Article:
American Airlines Cargo is transporting hundreds of tonnes of fresh flowers this Valentine’s season, marking the first of several peaks the carrier will see throughout the year. While many companies gear up for the Valentine’s Day rush, the American Airlines Cargo team is prepared year-round for this vertical market and consistent business.
For more than 30 years, American Airlines Cargo teams in the Americas and Europe have consistently transported a wide range of fresh flowers, including roses, tulips, carnations, lilies, peonies, and baby’s breath, to help celebrate a wide variety of special days.
Valentine’s Day is the first holiday each year where the carrier sees flower demand increase, but there are several other celebrations, including Emperor’s Birthday in Japan, Easter, Mother’s Day in the U.S. and Europe, All Saints Day, U.S. Thanksgiving and Christmas where volumes peak in multiple locations across American’s cargo network.
“It’s always exciting to see flowers move across our network this time of year. Our teams are passionate about the careful handling of these shipments, knowing we play an important role for our customers and ultimately the people around the world who will celebrate Valentine’s Day with flowers we carry,” Emma Oliver, American Airlines Cargo Sales Director for EMEA & APAC, said.
Roses and carnations have always been a strong export from Ecuador and Colombia, with rich history dating for more than three decades. Throughout the year, these flowers travel by way of the carrier’s Miami International Airport (MIA) hub before continuing domestically or on American’s transatlantic network to European destinations. More than 70% of the fresh flowers that American carries from Ecuador and Colombia are roses, and for Valentine’s Day, that number increases to 90%.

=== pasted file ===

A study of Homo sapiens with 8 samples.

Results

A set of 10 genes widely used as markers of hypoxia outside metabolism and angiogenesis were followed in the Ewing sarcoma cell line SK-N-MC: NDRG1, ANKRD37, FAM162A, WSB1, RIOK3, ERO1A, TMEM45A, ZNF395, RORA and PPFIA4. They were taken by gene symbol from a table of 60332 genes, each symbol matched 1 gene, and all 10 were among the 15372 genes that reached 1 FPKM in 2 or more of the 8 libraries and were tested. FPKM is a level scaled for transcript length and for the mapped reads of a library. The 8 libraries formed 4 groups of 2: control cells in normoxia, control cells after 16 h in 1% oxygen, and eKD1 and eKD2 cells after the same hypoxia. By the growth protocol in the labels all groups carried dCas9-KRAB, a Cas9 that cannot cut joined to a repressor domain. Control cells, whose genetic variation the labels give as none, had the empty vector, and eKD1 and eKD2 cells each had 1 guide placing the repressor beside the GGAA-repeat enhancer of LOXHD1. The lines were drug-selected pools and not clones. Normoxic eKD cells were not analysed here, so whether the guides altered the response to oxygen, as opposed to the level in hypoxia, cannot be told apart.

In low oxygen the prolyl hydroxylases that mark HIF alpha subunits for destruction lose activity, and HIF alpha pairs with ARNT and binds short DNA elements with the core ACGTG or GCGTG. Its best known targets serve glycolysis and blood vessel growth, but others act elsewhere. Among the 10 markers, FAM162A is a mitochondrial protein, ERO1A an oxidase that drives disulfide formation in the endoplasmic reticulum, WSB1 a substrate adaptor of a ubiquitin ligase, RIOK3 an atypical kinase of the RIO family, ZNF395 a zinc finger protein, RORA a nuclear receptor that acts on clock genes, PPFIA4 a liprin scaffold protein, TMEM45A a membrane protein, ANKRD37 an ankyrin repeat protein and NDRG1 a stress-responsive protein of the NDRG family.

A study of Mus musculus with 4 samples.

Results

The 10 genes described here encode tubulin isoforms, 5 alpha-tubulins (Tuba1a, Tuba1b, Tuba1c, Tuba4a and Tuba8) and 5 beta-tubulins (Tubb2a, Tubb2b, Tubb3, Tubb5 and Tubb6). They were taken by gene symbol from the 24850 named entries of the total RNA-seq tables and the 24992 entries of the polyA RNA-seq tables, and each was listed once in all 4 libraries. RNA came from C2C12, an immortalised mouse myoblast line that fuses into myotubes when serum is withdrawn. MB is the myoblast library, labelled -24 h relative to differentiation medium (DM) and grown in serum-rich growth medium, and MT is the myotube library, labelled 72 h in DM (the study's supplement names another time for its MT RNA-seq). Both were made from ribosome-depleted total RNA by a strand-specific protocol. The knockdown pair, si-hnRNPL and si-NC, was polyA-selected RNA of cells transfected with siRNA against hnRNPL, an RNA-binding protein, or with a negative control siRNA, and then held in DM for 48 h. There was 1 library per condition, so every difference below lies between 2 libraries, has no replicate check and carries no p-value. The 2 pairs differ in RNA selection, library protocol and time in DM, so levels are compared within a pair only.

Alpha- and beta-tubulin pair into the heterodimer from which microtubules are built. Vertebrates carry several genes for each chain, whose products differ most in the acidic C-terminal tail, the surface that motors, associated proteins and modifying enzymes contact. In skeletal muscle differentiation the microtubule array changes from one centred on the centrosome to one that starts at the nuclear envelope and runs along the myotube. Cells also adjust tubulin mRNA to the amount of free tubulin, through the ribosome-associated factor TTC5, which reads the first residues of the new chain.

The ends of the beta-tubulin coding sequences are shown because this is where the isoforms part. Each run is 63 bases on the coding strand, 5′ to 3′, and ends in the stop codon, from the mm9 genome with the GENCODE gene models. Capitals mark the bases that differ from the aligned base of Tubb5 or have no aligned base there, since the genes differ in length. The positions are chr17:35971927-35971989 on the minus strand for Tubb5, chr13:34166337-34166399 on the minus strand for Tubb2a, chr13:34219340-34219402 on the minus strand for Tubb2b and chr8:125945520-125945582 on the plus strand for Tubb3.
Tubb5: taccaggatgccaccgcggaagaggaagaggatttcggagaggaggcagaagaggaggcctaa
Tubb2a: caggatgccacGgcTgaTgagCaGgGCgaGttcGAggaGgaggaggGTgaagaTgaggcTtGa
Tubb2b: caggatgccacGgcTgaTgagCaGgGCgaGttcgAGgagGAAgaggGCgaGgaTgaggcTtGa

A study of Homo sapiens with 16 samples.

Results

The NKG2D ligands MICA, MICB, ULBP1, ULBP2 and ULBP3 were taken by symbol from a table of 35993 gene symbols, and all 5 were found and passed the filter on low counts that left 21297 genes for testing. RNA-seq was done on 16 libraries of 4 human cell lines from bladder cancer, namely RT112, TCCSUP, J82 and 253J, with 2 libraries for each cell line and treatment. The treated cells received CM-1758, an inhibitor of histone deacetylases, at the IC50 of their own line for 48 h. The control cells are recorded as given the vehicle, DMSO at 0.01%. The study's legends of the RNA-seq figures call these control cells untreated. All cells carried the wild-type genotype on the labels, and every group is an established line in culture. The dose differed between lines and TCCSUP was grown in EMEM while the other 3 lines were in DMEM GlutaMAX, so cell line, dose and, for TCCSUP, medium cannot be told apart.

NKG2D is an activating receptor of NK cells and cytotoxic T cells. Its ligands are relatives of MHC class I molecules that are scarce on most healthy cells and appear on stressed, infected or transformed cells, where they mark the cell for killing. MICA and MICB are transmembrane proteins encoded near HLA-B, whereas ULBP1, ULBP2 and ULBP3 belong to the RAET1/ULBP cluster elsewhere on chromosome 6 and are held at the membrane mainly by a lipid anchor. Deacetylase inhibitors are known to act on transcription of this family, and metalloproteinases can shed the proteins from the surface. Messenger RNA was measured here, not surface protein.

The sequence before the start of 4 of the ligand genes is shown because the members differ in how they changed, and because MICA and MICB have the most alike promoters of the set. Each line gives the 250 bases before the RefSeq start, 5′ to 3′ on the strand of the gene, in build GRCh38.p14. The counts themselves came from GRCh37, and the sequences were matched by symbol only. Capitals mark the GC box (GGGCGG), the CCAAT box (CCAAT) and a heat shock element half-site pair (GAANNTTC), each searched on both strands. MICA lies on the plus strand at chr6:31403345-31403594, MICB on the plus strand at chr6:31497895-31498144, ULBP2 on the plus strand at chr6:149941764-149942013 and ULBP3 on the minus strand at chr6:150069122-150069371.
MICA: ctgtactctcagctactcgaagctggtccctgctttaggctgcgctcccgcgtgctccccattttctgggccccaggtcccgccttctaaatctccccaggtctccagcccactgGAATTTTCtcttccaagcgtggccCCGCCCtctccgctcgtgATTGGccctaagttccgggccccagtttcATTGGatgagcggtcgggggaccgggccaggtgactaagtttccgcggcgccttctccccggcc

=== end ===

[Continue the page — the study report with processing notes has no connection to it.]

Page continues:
While some of the flowers are year-round, like roses, other flowers, such as tulips, daffodils and poinsettias are highly seasonal-specific. Spring months see significant volumes of tulips and daffodils out of Europe to the U.S. and Asia, while the end-of-year Thanksgiving and Christmas holidays come with a high demand for poinsettias out of Mexico and Chile.
No matter the season, celebration, or type of bloom, American’s cargo team is at work moving fresh flowers wherever they need to go. The carrier also has an expansive cold-chain network, with many of its major stations equipped with cooler spaces for use based on availability to help keep flowers fresh their journey across the globe.